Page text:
Saturday, March 16, 2013
Penance by Dan O'Shea - Book Review
Chicago Detective John Lynch catches the call to investigate the murder of a woman who was shot as she left church immediately after Confession. As he pulls at the threads of the murder, he begins to discover connections to the murder of his own detective father in the midst of a race riot in 1971. A rogue sniper from a black ops unit is on the loose, and his off-the-books unit is determined to take him out. As more old political names become involved, the events of 1971 continue to tie into the current murder. Conspiracies and old Chicago politics embroil Lynch as the case becomes more and more personal.
For my money, Michael Connelly's Harry Bosch series is the peak of police/detective fiction. It is the series that all others should be compared to. With John Lynch and Penance, Dan O'Shea has produced a worthy competitor. The writing is smooth, never bogging down in exposition, but constantly moving forward, hitting the climax was breathtaking speed. The characters are well-drawn, particularly John Lynch and Paddy Wang, a seemingly immortal figure in the Chinese community and the criminal underworld. O'Shea deftly balances the shifting perspectives, jumping back to 1971 to add depth and meaning to the current case; focusing on Colonel Weaver and his team as they attempt to track down the sniper; and following Lynch in his personal life and as he pursues the investigation.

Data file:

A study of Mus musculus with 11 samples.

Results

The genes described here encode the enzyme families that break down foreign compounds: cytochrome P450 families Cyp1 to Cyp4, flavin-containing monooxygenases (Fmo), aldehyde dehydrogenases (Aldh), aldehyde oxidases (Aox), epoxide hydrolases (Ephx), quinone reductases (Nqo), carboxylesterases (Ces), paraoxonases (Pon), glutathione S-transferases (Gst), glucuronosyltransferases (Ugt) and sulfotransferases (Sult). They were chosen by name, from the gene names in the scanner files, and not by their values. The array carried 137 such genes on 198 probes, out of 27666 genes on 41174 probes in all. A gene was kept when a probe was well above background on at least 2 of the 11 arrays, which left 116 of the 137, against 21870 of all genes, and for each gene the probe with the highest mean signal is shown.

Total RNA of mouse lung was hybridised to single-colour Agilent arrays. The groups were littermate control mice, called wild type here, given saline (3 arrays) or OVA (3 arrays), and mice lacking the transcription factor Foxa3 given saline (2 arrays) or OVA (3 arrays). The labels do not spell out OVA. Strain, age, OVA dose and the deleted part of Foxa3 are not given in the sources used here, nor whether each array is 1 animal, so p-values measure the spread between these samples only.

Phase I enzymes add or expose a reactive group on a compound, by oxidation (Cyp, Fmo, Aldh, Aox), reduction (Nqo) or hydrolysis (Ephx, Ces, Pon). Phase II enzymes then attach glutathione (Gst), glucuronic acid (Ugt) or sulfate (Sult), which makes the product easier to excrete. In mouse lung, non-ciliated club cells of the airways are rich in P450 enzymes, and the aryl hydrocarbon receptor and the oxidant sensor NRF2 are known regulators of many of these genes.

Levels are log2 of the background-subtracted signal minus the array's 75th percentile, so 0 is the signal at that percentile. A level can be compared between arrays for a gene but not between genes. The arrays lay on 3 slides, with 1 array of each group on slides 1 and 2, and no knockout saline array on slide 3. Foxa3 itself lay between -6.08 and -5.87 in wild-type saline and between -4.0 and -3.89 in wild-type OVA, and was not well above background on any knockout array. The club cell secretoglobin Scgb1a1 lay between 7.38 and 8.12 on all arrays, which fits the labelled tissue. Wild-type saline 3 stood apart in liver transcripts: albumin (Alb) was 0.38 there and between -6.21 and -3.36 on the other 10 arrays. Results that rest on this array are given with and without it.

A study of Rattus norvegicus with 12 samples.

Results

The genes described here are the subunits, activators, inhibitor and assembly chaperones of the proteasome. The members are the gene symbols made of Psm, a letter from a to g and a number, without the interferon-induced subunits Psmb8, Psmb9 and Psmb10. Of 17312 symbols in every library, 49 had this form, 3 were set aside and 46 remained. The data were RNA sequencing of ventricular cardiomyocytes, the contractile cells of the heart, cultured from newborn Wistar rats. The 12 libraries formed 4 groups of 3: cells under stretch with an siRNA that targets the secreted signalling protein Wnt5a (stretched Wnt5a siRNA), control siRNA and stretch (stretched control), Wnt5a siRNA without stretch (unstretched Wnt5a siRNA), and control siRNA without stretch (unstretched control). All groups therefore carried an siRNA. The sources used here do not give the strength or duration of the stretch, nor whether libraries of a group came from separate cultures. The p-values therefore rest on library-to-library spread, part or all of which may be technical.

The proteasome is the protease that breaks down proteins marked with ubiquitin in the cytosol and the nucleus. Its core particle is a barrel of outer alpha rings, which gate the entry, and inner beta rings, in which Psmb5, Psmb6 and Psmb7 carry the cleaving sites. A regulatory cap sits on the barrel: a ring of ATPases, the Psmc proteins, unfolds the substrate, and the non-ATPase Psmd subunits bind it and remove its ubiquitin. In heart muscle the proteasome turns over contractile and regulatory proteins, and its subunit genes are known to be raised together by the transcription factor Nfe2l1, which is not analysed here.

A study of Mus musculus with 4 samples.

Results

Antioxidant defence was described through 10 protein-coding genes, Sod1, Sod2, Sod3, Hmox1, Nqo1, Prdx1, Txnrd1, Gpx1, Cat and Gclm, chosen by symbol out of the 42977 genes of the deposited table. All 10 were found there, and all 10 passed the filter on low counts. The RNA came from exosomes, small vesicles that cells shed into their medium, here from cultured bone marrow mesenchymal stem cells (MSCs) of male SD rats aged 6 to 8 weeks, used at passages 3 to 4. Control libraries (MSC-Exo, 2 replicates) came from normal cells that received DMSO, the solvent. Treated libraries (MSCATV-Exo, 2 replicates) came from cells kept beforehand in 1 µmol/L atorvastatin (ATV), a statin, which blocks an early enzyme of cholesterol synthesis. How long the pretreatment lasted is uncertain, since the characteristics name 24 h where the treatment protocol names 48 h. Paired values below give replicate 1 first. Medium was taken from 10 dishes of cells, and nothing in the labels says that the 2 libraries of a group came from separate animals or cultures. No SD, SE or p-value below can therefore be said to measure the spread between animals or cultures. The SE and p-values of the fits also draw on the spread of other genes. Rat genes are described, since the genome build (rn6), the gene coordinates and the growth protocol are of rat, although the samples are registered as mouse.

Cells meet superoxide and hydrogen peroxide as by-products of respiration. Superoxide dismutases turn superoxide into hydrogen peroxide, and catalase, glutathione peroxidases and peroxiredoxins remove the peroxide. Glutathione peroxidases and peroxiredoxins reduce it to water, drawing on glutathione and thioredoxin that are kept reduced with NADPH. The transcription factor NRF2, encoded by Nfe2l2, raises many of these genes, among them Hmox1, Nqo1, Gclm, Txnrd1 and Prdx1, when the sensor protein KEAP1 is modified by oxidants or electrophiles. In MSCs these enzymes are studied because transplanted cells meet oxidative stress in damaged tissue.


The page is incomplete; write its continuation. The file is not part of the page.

On of the best things about Penance, other than Lynch, is how the city of Chicago is a character in itself. Slightly fictionalizing the corrupt political history, O'Shea is able to make his story seem like a actual episode from Chicago's history. He also does a great job of painting a visual picture, dropping actual locations and architecture to create a vivid portrait of the city.
I highly recommend this book, particularly to those who enjoy Connelly and are looking for something to tide them over until their next Harry Bosch fix. Readers will also be happy to know that O'Shea has written several short stories involving the characters from Penance, which are accessible from his website.
I received a review copy of Penance from Netgalley and Exhibit A books in exchange for an honest review.